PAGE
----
Was there any significance to the choice of Wick? Is it easier to get married there? Is it like Gretna Green?

    – Tetsujin
    Dec 31 '20 at 19:49

Wick is at the end of the Far North Line in Scotland, UK, making it the furthest railway destination that Gary could select.

Rail map Scotland Far North line.png

Miranda in turn bestows the same gift of freedom on Tilly, presenting her with the tickets and the instruction to elope with 'Dreamboat' Charlie.

MIRANDA: I don't need to elope, it can be on my own terms.
MIRANDA (to Tilly): You have these. Be free of your mother.
'DREAMBOAT' CHARLIE: I bloody love Wick!

As for the real-world legality of these arrangements...

Historically Scotland has had more liberal marriage laws than England. In particular following the 1754 Marriage Act, young couples (under 21) would head across the border to places such as Gretna Green where they could marry without their parents' consent. Scottish law at one time allowed for "irregular marriages", meaning that if a declaration was made before two witnesses, almost anybody had the authority to conduct the marriage ceremony.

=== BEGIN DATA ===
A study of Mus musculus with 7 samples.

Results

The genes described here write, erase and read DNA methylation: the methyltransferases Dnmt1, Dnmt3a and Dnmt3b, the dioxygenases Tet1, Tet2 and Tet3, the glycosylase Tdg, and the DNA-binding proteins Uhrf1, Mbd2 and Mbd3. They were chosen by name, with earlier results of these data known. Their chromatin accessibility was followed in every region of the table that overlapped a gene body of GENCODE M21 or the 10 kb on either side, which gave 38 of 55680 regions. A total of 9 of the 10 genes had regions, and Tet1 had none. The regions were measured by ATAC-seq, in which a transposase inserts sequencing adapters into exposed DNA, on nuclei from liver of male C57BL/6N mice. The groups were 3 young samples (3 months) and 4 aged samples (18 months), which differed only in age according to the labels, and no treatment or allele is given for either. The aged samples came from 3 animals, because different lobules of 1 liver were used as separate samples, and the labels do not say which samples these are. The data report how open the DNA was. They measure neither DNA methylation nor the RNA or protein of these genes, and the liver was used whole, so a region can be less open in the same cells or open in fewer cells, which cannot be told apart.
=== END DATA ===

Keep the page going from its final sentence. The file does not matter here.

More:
However subsequent reforms brought Scotland's law closer to England's and today the requirement for 28 days of notice to marry is universal in the UK.

In any event Miranda's request to the registrar to marry her and Gary back at the restaurant immediately would be illegal and irregular as no notice had been given. Even if they had gone to Wick they would have had to wait for the 28 days of notice to elapse. The requirement for notice can only be waived if illness of one of the partners or somebody important to the wedding means that the 28 day period poses a problem. To get married quickly Miranda and Gary would have to head to another jurisdiction such as Las Vegas.